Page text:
COLONIE — The North Colonie Central School District is not expecting enrollment to jump as much as it did 10 months ago, when it used the need to accommodate a projected 1,000-student increase over the next decade to justify bonding $106 million.
According to Jerome McKibben, a senior demographer at McKibben Demographic Research, who recently made a presentation to the Board of Education, enrollment will increase from 5,685 this school year to 6,008 in 2027-2028.
The demographic study, completed by McKibben in December, 2017, found enrollment will increase by 216 students, or 3.8 percent, between 2017-18 and 2022-23. And it will increase by 107 students, or 1.8 percent, between 2022-23 to 2027-28.
“I’m a statistical mercenary,” said McKibben, who has been working for the district for two years. “I can work both sides of the argument. I can look at the anti-parent side, I have done work for them too. Are the projections lower than the last numbers? Absolutely. Are they 900 compared to 300? It’s fake news.”
In December, 2016, district voters shot down a $196.4 million bond proposal and six months later approved a scaled down $106 million version. A large portion of that money — $35.3 million — will go towards moving sixth grade to the middle school and another $22.5 million will go towards renovations at the middle school.
Part of the pitch the district made at the time was that the elementary schools are filled to capacity now and just can’t handle the number of students McKibben projects will be moving into the district.
“What holds true is that we are still growing,” said Superintendent Joseph Corr. “We have overcrowding in our elementary schools and we still need to meet the needs of our kids. And we hear from our elementary school parents that class sizes are too large and that is what this project is meant to address. Shifting the sixth grade to the middle school is still a good decision and I stick by it 100 percent.”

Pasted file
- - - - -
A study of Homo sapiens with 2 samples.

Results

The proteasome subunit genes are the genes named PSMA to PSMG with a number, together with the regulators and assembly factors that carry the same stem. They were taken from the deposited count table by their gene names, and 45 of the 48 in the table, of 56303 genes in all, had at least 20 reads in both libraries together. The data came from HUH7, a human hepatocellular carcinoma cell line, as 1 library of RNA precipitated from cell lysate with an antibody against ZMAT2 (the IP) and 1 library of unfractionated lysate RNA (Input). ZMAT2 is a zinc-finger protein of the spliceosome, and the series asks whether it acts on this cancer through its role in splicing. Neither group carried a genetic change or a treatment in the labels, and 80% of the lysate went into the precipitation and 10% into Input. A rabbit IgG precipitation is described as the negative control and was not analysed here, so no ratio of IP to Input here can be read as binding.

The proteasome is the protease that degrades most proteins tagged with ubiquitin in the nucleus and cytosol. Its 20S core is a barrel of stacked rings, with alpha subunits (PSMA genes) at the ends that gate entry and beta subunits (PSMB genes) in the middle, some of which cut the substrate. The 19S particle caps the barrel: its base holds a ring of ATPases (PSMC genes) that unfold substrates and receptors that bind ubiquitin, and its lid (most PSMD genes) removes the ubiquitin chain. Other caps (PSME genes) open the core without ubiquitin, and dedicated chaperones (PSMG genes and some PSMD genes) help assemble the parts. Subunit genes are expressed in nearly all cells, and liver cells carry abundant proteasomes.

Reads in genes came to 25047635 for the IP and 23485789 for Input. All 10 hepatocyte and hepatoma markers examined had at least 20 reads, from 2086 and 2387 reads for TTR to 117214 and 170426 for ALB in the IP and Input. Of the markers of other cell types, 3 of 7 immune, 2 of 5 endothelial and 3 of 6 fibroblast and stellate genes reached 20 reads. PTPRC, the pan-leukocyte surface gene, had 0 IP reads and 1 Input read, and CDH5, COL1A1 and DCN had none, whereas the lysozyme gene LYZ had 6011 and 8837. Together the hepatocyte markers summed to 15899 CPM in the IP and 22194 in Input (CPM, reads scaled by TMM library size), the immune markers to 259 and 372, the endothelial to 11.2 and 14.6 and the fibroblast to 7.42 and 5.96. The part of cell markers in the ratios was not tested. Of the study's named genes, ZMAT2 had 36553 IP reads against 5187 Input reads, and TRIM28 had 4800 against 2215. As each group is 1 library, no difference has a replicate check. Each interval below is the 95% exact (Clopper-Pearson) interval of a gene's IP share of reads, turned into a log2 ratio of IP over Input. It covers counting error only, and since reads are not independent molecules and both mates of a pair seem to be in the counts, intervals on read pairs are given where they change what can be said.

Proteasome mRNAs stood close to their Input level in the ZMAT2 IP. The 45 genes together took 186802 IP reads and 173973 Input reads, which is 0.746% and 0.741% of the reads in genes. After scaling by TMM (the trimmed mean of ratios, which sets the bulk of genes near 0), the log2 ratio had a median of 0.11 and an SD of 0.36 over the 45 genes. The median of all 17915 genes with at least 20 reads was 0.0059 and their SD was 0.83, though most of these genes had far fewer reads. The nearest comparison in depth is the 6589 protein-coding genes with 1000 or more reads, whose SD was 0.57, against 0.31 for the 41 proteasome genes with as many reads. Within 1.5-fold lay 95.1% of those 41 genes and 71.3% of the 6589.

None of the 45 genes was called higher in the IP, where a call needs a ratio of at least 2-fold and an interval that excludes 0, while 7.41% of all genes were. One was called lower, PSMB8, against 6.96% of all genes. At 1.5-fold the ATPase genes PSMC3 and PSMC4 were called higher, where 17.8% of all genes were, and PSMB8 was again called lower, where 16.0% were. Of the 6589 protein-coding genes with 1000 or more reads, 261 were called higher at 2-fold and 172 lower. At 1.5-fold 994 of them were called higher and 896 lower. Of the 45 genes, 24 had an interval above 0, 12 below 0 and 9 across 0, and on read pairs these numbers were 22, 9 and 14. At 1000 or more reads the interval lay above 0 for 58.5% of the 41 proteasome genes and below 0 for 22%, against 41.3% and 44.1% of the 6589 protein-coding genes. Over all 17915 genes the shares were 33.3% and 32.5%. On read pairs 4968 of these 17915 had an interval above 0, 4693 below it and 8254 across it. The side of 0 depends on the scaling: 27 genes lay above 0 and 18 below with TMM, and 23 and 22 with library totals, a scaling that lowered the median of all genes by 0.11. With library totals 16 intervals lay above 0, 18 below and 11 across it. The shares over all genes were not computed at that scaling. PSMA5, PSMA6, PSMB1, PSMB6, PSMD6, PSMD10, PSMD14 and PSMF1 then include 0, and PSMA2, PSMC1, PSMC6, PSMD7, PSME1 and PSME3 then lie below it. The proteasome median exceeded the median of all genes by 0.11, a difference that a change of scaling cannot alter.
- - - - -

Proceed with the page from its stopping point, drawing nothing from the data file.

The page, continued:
Corr said McKibben’s estimates are more conservative than internal projections, which forecast 7,081 students in grades K-12 by 2027-28 school year. The district, he said, routinely meets with town officials to discuss things like new housing starts and other development issues to gauge its impact on enrollment – which does have a profound impact on everything from the amount of state aid a district gets each year to class size.
McKibben said any enrollment projection is based on some concrete numbers like the age of a population but also on the forecast of future conditions such as interest rates and their impact on the housing market.
Interest rates are key, he said, because that will determine how many people are selling their home and, conversely, how many are buying. Generally, older, empty nesters sell homes in a suburb like Colonie and couples with young families look to move in, in part because of the solid school districts.
The projected numbers have shrunk, McKibben said, because more people are staying in their homes longer, which means there is no turnover of families and less students moving into the district. Enrollment projections will continue to shrink, he said, if interest rates go above 5 percent.
By the same token, he said, if you have overcrowding now, that won’t change.
Right now, Corr said, there are rooms being used for class instructions that were not designed for teaching.
“Simply put, our elementary schools are jammed and we need to create more space there and upgrade the facilities,” he said. “The space as it exists is just too small and it is a serious issue regardless of the projections.”